The recent peace agreement between Israel and the United Arab Emirates, brokered by President Donald TrumpDonald TrumpFormer chairman of Wisconsin GOP party signals he will comply with Jan. 6 committee subpoena Overnight Defense & National Security — Pentagon tells Russia to stand down Billionaire GOP donor maxed out to Manchin following his Build Back Better opposition MORE, could be compared to the 1977 Camp David Accords, except that it simply formalizes a growing relationship between the Jewish state and one of the Gulf nations that has been ongoing for some time. Both Israel and the UAE have Iran as a common enemy. Both countries are also technologically advanced and will benefit from closer commercial ties.
Israel and the UAE are also emerging space powers. The UAE recently launched a probe called Hope to Mars. After a private Israeli group made an unsuccessful attempt to land a robotic probe called the Beresheet on the lunar surface, German company OHB joined forces with Israeli Aerospace Industries (IAI) to attempt a moon landing in 2022 using Beresheet technology.
Israel’s and the UAE’s experience in robotic planetary missions suggests that an opportunity exists for a joint effort, But to which target? Another moon landing? A follow-up to the Hope mission with a Mars lander?
The recent discovery of a subsurface ocean on the dwarf planet Ceres suggests an opportunity for both countries to mount a robotic space mission that would expand new frontiers in space exploration. A Ceres lander would be a logical next step after the successful Dawn mission that orbited the dwarf planet in 2015 for an extended science mission. Ceres also is a great target because it is still geologically active. A joint Israeli-UAE Ceres mission would almost certainly get NASA cooperation and could be launched with a commercial rocket such as the SpaceX Falcon.
Both Israel and the UAE have flown astronauts in space. Israel’s Ilan Ramon tragically went down with the space shuttle Columbia in February 2003. A UAE astronaut, Hazzaa al-Mansoori, spent eight days on the International Space Station last year at the behest of the Russian Space Agency.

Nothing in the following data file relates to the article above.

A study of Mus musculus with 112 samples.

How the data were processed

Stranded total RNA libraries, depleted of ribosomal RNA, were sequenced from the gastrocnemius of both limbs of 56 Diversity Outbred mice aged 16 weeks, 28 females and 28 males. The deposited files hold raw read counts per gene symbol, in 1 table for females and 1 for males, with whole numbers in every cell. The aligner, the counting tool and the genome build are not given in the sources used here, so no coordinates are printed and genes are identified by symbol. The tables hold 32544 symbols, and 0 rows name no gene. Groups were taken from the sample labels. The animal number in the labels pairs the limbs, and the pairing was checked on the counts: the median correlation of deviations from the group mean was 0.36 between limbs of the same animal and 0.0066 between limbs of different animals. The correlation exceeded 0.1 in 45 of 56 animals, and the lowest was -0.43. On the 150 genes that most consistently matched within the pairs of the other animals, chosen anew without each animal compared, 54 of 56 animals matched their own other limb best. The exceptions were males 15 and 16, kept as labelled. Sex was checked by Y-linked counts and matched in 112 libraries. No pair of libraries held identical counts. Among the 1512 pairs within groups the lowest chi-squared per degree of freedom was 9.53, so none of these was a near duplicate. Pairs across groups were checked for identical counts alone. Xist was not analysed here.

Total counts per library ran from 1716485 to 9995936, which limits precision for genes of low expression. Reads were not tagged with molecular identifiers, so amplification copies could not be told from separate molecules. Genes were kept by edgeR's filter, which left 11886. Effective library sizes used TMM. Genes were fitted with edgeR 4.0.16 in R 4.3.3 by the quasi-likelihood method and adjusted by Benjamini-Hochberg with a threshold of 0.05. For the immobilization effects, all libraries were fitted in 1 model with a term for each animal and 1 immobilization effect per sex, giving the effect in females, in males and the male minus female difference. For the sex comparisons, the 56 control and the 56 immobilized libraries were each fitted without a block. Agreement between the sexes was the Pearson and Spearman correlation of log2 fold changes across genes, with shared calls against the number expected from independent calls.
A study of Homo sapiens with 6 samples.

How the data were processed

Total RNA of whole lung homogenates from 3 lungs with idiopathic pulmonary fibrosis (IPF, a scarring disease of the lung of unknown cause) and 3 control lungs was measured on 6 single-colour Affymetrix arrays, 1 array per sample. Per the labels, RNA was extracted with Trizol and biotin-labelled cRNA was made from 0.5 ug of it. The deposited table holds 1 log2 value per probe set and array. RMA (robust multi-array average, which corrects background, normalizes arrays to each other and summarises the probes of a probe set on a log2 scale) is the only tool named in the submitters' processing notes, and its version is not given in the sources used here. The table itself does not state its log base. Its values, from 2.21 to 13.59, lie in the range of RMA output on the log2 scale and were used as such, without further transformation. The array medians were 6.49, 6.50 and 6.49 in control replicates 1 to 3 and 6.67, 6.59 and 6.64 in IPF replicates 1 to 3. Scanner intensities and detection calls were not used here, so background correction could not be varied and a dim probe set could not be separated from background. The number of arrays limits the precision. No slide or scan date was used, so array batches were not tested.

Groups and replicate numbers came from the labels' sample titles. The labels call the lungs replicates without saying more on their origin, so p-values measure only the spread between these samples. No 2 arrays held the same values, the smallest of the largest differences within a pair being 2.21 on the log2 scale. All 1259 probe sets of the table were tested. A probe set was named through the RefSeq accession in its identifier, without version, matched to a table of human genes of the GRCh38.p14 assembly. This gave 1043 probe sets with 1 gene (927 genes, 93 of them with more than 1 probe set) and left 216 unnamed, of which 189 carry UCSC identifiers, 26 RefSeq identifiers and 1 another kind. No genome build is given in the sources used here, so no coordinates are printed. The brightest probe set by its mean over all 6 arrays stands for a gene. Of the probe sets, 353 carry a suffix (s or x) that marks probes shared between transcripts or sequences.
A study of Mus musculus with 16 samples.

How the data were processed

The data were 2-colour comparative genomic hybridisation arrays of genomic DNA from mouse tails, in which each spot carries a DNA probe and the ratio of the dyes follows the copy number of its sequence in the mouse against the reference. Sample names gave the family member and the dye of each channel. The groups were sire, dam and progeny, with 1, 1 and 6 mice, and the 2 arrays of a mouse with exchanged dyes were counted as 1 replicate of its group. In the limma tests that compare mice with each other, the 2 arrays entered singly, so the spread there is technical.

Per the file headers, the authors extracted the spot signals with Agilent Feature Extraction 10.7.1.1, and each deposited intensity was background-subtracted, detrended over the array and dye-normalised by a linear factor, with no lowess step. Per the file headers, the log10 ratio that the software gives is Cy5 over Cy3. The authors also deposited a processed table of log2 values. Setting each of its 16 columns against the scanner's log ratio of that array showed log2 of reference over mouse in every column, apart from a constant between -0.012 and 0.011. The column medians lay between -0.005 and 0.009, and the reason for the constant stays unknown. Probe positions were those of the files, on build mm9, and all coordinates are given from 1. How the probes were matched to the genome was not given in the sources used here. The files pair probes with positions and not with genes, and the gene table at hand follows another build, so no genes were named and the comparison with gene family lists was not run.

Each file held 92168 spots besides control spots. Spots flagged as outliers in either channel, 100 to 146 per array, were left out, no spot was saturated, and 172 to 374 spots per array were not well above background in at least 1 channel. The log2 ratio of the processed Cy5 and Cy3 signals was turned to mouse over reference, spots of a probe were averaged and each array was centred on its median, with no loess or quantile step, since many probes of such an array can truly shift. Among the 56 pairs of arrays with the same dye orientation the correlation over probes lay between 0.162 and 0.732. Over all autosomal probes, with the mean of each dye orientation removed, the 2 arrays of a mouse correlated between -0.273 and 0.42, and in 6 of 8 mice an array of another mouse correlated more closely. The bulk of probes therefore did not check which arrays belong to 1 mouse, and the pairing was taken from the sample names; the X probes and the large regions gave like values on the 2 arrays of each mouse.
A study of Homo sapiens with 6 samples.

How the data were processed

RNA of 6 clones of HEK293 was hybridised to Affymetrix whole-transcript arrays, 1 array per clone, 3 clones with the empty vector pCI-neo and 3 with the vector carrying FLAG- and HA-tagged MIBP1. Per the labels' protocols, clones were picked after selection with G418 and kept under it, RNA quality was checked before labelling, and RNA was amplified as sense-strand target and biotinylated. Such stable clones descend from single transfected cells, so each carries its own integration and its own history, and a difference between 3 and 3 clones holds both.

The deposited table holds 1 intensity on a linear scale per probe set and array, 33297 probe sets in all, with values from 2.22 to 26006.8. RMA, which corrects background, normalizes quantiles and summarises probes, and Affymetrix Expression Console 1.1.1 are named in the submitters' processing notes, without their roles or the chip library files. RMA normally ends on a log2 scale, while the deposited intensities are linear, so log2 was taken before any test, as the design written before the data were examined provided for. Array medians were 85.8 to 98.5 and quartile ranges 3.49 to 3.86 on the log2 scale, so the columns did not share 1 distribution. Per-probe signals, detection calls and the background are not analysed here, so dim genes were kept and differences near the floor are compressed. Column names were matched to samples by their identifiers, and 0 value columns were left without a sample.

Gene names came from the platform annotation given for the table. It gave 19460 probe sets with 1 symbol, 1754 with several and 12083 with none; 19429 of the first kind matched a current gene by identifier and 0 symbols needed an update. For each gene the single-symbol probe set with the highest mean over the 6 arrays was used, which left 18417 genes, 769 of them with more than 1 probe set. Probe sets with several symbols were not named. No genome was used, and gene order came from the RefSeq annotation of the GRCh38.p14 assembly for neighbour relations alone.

Both Israel and the UAE have signed space cooperation agreements with NASA. NASA is preparing to mount the return of humans to the lunar surface with the first expedition comprising two Americans, “the first woman and the next man” planned for 2024. Subsequent expeditions would consist of four astronauts, leading eventually to a base at the lunar south pole.
NASA will certainly bring along astronauts from other countries on Artemis expeditions. The European Union, the UK, Canada, Japan and India would likely contribute astronauts willing and eager to walk on the moon. However, the new Israeli-UAE pact and the fact that both countries are emerging space powers provides an opportunity to strike a blow for Middle East peace that would be witnessed by the entire world.
Imagine an Artemis mission to the moon that included both an Israeli and an Arab astronaut. The sight of citizens of two former enemies working together on the moon, broadcast and live streamed on a billion screens across the planet would impart a lesson of the benefits of peace that would be more compelling than any politician’s speech or demonstrator’s slogan. The landing site would have the American flag, the Israeli flag and the UAE flag raised side by side. The image would possibly be the most iconic since the one of Buzz Aldrin saluting the American flag at Tranquility Base over 50 years ago.
The message to people who still imagine the death of Israel would not be starker. Become Israel’s friend, become America’s friend, and everything is possible. Israel, a vibrant, technologically advanced country, is here to stay. The chants of “Palestine will be free, from the river to the sea!” are already seen as deranged and divorced from reality. The slogan will be even more so with a joint American, Israeli, Arab voyage to the moon.
Israel as a smoldering corpse, the dream of too many in the Middle East in the councils of the Palestinian Authority, terrorists such as Hamas and Hezbollah, and, of course, the Iranian mullahs, will never become reality and would be horrible beyond human imagination if it did. Israel as a friend and trading partner would lift many peoples of the Middle East out of squalor and degradation.
A joint American, Israeli, UAE mission to the moon could be the spark that changes hearts and minds to the possibilities of peace and away from the nightmare of war. Perhaps someone in the American government (maybe NASA Administrator Jim BridenstineJames (Jim) Frederick BridenstineBill Nye promotes infrastructure, social spending bills with Biden NASA can facilitate the commercial space station race SpaceX all-civilian crew returns to Earth, successfully completing 3-day mission MORE) could make the mission happen. A Middle East peace mission to the moon would, incidentally, provide another reason to return to the moon sooner rather than later.
Mark Whittington, who writes frequently about space and politics, has published a political study of space exploration entitled Why is It So Hard to Go Back to the Moon? as well as The Moon, Mars and Beyond. He blogs at Curmudgeons Corner. He is published in the Wall Street Journal, Forbes, The Hill, USA Today, the LA Times, and the Washington Post, among other venues.